Anxiety and stress levels are surprisingly down during the COVID-19 outbreak

When the coronavirus outbreak started to shutter businesses and force people into safety measures like social distancing and shelter-in-place, people were stressed.

An ABC News/Washington Post survey found that 70% of people experienced stress due to the COVID-19 outbreak, which was higher than the stress levels (61%) seen during the Great Recession in March 2009. People prone to depression or stress were in an even more complicated state as normal outlets to help power through were abandoned due to social distancing.

However, stress and anxiety have taken a turn for the better since the start of the outbreak, according to a new study.

Researchers compiled data in UCL’s COVID-19 study to find that stress and anxiety levels have decreased since the COVID-19 outbreak. In addition, people are less worried about getting the bug or becoming seriously ill by it. The study, which started in March, tallied 74,000 participants where they asked them about their mental health during the outbreak.

Over the past week, at least one in five people in the UK said they felt “major stress” due to the pandemic, according to the study, which is far less than how respondents felt the week of March 23, where one in three people felt major stress and anxiety due to the coronavirus.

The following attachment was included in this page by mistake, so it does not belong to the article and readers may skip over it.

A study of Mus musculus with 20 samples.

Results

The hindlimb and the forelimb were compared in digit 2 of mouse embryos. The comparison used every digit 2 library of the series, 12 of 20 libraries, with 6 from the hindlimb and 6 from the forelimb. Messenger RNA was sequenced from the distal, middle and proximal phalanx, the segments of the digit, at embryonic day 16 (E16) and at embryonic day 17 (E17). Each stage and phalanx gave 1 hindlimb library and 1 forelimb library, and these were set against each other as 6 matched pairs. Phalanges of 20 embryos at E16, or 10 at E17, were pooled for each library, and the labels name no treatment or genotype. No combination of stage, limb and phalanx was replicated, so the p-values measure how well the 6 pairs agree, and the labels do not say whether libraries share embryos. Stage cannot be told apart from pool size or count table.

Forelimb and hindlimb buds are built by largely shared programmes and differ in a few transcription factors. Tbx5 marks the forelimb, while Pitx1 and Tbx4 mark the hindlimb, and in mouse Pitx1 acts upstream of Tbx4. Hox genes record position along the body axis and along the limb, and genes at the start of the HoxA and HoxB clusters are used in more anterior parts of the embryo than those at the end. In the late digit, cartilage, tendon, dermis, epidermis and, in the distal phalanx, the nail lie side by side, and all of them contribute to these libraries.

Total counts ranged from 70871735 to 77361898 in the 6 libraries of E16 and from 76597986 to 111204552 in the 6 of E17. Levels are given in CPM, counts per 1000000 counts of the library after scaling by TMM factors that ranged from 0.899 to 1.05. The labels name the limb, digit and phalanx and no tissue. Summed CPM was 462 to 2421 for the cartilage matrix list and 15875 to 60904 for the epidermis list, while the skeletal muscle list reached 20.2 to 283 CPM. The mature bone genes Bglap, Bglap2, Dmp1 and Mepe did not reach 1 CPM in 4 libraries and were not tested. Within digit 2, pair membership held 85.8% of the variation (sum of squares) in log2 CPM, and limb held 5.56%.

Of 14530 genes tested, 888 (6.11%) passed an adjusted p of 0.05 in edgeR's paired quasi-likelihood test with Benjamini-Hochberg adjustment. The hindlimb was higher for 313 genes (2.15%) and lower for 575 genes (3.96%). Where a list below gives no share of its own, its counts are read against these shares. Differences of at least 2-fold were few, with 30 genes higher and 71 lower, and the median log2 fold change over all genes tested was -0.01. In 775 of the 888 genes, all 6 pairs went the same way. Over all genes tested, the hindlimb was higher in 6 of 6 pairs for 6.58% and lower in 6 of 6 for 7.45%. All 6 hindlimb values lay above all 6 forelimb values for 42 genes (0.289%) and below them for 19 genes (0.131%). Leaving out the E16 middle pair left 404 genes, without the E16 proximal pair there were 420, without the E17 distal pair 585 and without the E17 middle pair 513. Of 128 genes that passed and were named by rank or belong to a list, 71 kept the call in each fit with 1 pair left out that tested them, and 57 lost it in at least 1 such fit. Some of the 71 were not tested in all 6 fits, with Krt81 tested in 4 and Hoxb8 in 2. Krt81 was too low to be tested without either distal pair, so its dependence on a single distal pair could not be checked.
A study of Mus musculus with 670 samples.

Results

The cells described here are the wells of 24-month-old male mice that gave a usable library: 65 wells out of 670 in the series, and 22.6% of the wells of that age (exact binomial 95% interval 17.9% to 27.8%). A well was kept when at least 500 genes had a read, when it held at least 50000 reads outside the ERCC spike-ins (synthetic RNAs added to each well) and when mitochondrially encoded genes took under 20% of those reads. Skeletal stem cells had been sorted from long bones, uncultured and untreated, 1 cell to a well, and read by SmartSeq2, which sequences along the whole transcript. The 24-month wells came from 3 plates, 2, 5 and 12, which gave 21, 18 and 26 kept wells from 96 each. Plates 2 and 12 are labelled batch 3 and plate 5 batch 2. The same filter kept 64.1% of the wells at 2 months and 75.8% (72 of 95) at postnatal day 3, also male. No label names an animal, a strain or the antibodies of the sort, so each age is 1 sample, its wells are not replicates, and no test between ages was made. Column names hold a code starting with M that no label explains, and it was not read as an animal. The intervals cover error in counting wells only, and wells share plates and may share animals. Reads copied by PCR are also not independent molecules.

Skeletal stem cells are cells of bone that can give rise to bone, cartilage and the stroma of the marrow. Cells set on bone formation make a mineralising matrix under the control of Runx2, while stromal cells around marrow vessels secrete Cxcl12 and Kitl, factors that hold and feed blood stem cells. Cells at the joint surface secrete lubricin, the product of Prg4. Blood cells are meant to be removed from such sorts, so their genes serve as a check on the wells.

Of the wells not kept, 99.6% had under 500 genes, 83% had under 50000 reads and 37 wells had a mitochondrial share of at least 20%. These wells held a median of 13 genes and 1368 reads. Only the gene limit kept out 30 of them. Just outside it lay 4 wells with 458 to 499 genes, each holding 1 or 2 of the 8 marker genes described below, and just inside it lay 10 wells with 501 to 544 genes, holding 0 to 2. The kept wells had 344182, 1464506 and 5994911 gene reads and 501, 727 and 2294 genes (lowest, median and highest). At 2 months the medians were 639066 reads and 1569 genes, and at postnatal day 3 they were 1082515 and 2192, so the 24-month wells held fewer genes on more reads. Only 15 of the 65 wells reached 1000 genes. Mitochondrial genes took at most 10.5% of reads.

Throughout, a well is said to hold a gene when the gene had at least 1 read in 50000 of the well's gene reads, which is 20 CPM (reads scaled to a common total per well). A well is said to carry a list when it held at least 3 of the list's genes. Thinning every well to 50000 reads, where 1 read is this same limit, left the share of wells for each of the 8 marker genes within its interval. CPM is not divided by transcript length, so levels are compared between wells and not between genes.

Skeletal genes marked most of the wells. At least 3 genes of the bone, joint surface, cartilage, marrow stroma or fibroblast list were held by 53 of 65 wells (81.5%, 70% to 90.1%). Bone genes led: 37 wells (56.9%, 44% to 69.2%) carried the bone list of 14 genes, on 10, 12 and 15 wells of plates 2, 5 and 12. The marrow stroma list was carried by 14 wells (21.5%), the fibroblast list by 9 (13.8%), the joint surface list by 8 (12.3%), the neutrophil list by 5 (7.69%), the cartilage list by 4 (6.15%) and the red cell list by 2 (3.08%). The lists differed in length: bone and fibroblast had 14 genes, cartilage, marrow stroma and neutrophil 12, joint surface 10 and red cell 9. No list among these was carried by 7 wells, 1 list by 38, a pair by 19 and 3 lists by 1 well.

“It is encouraging to see a decline in stress related to COVID-19 and anxiety in general. However, stress, anxiety and depression remain at high levels for people living alone, with a lower household income or with a diagnosed mental health condition,” said UCL professor Dr. Daisy Fancourt, who lead the study.

“Fortunately, there is no sign that worries about money or employment have increased with longer isolation. But it remains to be seen how this evolves over the coming weeks. Worries relating to accessing food have decreased around four-fold from when lockdown began.”

More people reported feeling better about their lives during the pandemic compared to earlier in the crisis, but those numbers didn’t match how people felt about their lives compared to the same time last year.